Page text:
3.4 Middle-East Transboundary Pollutant Transport: A Decade Long USAID/MERC Project (Invited Presentation)

Monday, 23 January 2017: 4:45 PM
Conference Center: Tahoma 2 (Washington State Convention Center )
Erez Weinroth, Kanarit Music LTD, Kfar Saba, Israel

Erez Weinroth

Hebrew University, Jerusalem, Israel

Kanarit Music Ltd., Israel

            A decade long (2001-13) multi-million dollar USAID MERC-Program project that focused on middle-east transboundary pollutant transport brought together scientists from Israel, the Palestinian Territories, Jordan, and Lebanon.  The project, directed by P. I. Bornstein, generated air quality and meteorological climatologies, field-study meteorological and concentration observational data sets, RAMS and MM5 meso-met simulations, the first regional pollutant emission inventories, and CAMX photochemical simulations.  The MERC Program was designed to promote cooperation for the solution of regional problems, build up scientific infrastructure in Arab countries, and train the next generation of Israeli and Arab scientists who could continue to work together.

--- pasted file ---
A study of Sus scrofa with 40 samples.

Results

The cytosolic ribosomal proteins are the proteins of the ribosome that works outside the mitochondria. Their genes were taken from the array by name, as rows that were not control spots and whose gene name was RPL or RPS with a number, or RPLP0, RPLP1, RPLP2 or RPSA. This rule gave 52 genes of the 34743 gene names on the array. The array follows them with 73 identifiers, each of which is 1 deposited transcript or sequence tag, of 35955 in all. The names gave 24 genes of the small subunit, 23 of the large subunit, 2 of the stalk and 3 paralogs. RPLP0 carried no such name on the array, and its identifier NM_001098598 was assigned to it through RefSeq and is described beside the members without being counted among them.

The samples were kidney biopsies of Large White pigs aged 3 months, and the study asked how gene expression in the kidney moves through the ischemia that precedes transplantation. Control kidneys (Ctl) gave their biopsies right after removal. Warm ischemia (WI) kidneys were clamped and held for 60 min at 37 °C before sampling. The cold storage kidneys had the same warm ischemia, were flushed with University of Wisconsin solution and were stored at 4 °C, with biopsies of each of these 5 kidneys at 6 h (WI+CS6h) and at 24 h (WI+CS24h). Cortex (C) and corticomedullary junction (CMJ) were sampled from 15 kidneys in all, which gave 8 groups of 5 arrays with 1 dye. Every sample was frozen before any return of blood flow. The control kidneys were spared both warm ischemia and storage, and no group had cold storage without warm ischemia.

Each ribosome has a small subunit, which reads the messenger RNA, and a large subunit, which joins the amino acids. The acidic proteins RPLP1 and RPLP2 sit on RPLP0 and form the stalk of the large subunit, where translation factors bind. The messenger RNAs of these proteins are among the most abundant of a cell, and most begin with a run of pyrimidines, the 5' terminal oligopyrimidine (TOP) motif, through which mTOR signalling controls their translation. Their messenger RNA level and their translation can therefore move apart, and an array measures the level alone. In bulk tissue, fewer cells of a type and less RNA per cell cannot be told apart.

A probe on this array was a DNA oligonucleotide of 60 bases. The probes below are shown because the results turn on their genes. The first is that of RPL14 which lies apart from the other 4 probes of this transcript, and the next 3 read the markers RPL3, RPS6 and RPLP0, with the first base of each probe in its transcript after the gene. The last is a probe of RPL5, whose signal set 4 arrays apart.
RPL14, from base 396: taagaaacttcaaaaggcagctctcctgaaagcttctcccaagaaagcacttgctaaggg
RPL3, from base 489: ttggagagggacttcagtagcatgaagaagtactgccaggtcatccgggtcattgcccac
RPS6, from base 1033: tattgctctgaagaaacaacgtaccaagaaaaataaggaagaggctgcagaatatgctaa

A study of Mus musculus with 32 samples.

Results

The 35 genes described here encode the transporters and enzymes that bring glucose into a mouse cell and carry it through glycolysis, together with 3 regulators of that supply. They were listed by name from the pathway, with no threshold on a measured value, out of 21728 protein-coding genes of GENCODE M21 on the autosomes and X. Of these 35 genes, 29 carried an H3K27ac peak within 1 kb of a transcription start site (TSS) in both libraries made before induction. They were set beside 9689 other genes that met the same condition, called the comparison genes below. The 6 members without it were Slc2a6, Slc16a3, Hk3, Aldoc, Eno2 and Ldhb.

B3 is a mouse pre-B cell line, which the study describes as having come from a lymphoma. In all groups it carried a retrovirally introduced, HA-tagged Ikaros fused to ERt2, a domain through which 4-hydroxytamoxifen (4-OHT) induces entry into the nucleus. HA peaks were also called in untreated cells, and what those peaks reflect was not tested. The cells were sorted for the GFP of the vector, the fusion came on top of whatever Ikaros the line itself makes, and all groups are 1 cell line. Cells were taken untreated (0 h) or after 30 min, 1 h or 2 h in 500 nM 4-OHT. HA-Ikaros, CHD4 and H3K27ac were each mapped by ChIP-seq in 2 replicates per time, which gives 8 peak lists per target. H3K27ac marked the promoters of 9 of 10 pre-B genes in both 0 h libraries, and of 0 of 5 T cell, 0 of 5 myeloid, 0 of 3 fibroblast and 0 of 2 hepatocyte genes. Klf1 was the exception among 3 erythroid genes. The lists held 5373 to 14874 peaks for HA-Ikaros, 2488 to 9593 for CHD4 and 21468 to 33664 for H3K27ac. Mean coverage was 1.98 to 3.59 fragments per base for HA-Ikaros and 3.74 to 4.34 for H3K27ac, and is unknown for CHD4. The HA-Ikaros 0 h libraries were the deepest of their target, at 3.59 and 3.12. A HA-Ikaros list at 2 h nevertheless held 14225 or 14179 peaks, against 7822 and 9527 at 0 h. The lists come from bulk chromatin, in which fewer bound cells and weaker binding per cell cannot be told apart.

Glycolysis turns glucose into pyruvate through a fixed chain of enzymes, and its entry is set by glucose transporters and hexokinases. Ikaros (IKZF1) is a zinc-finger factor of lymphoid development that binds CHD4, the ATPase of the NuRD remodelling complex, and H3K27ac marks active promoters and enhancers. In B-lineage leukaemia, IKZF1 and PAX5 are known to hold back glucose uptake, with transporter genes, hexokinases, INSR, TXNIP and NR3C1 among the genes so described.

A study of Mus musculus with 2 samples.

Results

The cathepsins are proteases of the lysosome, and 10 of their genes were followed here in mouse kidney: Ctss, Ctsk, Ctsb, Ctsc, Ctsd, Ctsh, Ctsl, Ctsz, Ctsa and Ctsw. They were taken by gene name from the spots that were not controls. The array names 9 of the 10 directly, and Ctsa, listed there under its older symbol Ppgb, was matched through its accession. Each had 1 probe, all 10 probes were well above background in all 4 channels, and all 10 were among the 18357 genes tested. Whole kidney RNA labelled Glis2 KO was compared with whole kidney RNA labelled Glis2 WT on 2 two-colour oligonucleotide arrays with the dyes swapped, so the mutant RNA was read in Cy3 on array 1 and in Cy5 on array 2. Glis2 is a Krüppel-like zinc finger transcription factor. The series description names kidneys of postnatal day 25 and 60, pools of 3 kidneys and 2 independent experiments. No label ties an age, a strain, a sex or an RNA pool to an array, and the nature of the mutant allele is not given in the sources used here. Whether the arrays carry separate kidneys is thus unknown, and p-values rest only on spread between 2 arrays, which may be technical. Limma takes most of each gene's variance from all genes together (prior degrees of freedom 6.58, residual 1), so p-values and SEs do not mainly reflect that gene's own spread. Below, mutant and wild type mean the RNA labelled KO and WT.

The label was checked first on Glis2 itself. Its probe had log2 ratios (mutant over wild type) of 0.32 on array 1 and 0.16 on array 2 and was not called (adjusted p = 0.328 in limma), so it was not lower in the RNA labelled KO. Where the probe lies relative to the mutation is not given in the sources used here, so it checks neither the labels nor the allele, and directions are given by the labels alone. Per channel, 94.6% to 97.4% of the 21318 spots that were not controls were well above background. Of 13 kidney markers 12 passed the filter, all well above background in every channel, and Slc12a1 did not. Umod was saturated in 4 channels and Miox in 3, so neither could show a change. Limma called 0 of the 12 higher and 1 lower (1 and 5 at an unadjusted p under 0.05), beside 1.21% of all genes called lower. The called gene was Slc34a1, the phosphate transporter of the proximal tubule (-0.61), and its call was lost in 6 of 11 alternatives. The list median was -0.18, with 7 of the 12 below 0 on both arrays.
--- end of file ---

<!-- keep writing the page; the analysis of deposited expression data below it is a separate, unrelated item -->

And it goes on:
The meso-met models reproduced the observed sea/land breezes and up/down slope flows associated with the inland mountain ranges.  CAMX-reproduced precursor and secondary pollutant plumes that agreed well with observations.  In particular, they showed a max ozone concentration at the surface at Jerusalem that resulted from coastal transportation-emissions in Israel.  It also showed a previously unknown absolute ozone peak at 300 m AGL over Irbid in northern Jordan.  Emissions-impact factor-analyses showed that power plant emissions from coastal Israeli areas produced the largest contributions to the Irbid ozone maxima, a result different from those of areas such as California, where auto emissions have the largest impacts.  These initial results lead to additional measurements over Irbid that verified the ozone peak and to additional studies of north-south pollutant transport into and out of Lebanon.

            Major results of the study include installation of complete meteorological and air quality monitoring stations in Gaza, the West Bank, Jordan, and Lebanon and the implementation of the first real-time Israeli ozone modeling and forecast system, which is still ongoing.